Over the last two weeks I’ve come to value something that is missing in big institutions, the sit-down amongst colleagues.
I’ve come across passages of inspiration lately that have started to really condemn technology for its ability to keep people away from each other. E-mails, text messages, instant messages, all have the capability of sending a message without looks, tones, or emotion. Teens love text messaging for this very reason. When I ask “how come you guys don’t just call”, the answer always ends up being “I don’t really want to talk with them” or “I can say anything and actually mean something else”. Since the person isn’t actually there, they can’t size up the actual value of the conversation. Text messaging just minimizes it. Perfect for the self-centered and short attention spanned teenager.
With adults the same rings true. A previous post last year was about an e-mail that was sent out. The reaction to that e-mail was, interesting. However the sit-downs I’ve had have produced real dialogue that wouldn’t happen if we weren’t sitting down and talking out feelings, frustrations, and hopefully solutions. The impersonal nature of e-mails doesn’t allow for real questions to be answered because the personal nature of the questions doesn’t exist. You can better gauge the answer and reformulate questions because you are actually there. Simply doing that can allow you to also take back those questions that linger at the beginning and fade as the conversation moves in a more constructive direction.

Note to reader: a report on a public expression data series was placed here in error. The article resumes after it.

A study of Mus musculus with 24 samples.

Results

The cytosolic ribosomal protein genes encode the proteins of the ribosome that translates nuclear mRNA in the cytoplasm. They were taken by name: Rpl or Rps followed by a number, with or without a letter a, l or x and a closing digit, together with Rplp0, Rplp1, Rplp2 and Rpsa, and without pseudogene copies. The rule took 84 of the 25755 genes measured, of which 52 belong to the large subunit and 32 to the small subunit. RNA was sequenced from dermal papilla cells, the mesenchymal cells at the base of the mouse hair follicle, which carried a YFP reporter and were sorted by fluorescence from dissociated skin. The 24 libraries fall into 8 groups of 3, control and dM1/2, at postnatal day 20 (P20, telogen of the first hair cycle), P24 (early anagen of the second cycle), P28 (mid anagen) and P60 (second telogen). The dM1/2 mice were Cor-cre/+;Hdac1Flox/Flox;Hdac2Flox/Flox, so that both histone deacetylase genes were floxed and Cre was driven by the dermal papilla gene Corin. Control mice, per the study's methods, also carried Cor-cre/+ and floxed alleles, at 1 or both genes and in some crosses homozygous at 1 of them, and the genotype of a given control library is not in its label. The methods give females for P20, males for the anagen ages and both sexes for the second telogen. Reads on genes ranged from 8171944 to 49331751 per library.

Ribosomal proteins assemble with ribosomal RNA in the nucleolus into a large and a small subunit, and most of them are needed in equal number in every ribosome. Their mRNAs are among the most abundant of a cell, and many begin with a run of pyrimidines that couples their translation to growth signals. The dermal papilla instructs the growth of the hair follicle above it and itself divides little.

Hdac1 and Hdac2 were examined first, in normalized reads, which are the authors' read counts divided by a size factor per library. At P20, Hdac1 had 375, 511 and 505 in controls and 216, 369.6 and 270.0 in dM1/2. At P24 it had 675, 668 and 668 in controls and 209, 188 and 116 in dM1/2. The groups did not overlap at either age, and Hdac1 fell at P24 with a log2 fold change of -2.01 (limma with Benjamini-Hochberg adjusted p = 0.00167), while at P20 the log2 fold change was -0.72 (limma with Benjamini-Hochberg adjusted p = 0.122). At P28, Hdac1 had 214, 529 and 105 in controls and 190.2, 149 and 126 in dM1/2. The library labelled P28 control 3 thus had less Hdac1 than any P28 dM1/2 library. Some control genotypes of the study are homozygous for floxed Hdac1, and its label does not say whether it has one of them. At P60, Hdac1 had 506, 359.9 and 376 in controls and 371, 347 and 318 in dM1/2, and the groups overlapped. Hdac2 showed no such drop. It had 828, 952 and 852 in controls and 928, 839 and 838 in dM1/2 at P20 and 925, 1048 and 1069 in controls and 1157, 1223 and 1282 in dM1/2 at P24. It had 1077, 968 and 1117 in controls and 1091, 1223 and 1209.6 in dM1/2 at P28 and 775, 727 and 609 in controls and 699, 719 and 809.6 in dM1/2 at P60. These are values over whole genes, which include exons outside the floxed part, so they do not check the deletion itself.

I’ve been reading a couple of articles stating that 2011 is the year of the social network backlash. That the Internet loneliness will come to the forefront as a societal problem that demands everyone to unplug. While I highly doubt it, I can see more and more institutions reminding themselves that human contact helped solve a hell of a lot more problems than e-mail ever has.